CAMPASPE Shire ratepayers are propping up the Port of Echuca to the tune of millions, a report has revealed.
The Cloudstreet Economics report has highlighted how inaction on the embattled Port of Echuca precinct may impact ratepayers in the future.
Council noted the Realising the Port of Echuca Precinct Potential – Consideration of Options for the Future Management of the Port of Echuca Precinct report at the September meeting, which showed potential Port management structures.
It found the current management of the Port means the precinct will be running at average losses of $1.5 million over the coming nine years, with the Port coffers requiring a $1.85 million annual top-up from ratepayers for capital works.
Meaning the total operating loss forecast from the current management structure would be $19,802,700 for the 2018-2030 period.
The report said the current structure also results in a lack of financial and operational transparency, has inadequate financial and management reporting and has constraints on the ability to expand the service offering, improve asset utilisation and enhance precinct activation.
The report came before council as part of a motion acknowledging further advice for a not-for-profit management structure was required.
Councillor Vicki Neele also requested council chief executive Declan Moore seek advice for a not-for-profit arrangement with volunteer engagement.
A decision that sparked outrage for some councillors.
“One of my major concerns is that this may not be the council that will be making the final decisions and I think any incoming council will need to have that full picture,” Cr Neele said.
“We have found a consultant that has presented an excellent piece of work, but he was only asked to look at two options, not at this option of more volunteers.
“And with his expertise and knowledge I think the community deserve that his eyes look at this.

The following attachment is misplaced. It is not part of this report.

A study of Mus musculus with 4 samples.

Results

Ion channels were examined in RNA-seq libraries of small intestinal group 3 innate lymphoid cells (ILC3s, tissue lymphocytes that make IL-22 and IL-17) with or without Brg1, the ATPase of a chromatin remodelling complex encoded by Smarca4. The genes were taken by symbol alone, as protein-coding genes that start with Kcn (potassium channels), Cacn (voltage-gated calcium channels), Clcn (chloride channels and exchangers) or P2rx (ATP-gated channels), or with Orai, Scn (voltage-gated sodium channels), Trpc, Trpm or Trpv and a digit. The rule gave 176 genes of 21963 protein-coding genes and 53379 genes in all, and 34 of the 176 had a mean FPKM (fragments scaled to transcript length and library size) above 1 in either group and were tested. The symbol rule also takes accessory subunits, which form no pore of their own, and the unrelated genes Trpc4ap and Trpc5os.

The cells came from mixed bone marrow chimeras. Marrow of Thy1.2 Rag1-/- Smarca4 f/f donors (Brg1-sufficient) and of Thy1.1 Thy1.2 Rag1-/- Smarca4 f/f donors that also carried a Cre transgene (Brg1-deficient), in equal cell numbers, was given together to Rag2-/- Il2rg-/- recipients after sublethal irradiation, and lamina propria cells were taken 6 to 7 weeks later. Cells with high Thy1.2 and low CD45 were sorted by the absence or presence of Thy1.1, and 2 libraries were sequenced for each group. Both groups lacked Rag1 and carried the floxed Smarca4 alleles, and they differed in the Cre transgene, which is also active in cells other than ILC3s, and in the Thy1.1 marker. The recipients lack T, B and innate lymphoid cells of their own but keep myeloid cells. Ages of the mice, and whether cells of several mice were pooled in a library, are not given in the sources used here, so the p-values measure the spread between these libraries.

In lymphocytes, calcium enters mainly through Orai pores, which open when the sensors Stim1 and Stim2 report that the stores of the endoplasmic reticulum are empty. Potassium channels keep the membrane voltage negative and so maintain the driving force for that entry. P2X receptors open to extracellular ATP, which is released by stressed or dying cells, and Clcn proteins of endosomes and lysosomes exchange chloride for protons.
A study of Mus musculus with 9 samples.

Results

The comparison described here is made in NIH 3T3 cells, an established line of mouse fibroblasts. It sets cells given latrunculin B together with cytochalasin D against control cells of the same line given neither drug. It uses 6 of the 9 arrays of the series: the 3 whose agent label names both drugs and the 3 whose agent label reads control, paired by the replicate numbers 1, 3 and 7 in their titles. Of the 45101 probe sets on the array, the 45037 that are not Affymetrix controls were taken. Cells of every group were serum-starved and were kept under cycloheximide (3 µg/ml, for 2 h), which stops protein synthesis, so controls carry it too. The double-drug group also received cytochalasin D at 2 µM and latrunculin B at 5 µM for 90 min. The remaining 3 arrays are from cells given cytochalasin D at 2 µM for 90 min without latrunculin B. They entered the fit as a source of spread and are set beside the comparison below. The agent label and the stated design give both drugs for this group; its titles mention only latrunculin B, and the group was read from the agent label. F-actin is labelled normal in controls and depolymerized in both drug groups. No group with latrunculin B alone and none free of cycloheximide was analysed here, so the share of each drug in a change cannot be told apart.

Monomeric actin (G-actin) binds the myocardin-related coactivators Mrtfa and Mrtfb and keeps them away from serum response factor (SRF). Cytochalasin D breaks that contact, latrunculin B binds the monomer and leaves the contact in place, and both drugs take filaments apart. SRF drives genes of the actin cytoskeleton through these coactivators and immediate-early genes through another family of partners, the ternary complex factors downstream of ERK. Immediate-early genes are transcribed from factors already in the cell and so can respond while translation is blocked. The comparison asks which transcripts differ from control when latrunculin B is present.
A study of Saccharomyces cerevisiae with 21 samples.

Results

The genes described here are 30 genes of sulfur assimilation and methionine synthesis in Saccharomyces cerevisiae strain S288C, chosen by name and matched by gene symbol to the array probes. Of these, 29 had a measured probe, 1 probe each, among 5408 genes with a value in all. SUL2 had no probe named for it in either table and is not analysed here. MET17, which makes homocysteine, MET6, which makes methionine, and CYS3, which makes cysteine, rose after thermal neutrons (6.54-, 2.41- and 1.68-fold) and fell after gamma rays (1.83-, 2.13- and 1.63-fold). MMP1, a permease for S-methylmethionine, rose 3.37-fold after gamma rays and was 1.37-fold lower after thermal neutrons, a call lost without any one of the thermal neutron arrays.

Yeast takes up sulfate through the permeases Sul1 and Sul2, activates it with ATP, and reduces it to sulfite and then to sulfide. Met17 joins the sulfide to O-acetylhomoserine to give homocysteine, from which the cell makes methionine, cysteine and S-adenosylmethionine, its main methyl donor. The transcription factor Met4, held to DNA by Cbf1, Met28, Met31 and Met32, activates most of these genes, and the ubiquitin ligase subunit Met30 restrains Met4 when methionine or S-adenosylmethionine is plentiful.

“I refute the fact that I just want my point of view. I think it is best for the community that we have an expert opinion and a very informed expert giving us all sides of the story.
“If we get this next piece of work, we will have that and there will be no uncertainty.”
Seconding the motion, Cr Annie Vickers said the historic Port worked in the past and would be able to again.
“Yes, it did work. It did work for many years and yes there were problems. But we’ve been working on this for something like 12 years,” she said.
“When we work on it we need to get it right, once and for all. Have the bustling Port back again because it’s not there now.”
Cr Daniel Mackrell voted against the item, saying he was hopeful the new councillors would have all the facts.
“I do believe Cr Neele has said it, there will possibly be another group of councillors come in, I hope so,” he said.
“We may be able to come to a conclusion with the Port precinct and make it into what it should be.”
Cr Leigh Wilson said the current group of councillors was trying to save the Port at the 12th hour.
“It has been pointed out we have been working eight years and this hasn’t gone anywhere. In the previous council we made some decisions around slowing things down because we needed to fix a lot of infrastructure down there before we move on,” he said.
“And that was some collective decision-making that took place.
“At the start of this council term, we set in place wheels in motion to determine a strategy. And systematically, over almost four years, we’ve got nothing done.
“This is collective decision-making and a lot of those decisions I’ve voted against because I’ve had my arguments that we’re either trying to pursue some poor governance to get to a point or other activity, and that’s for the record.
“The proof is in the pudding over the previous four years that a number of councillors have systematically worked against everything down in that area and we have achieved nothing over these four years and now they’re still trying to find someone to blame.”
Before the motion was put to a vote, Cr Neele responded saying the exploration of a new management structure was not a tactic to delay action in the Port area.
“This isn’t a delaying tactic, we are waiting on that additional information, as part of my motion says,” she said.
“At the same time we’re asking for this additional body of work so that all questions can be answered.
“There are people saying ‘oh, no-one in the community is interested about this'. I’ve had a number of phone calls from interested community members asking if the not-for-profit option has been explored, so obviously we didn’t identify that well enough.”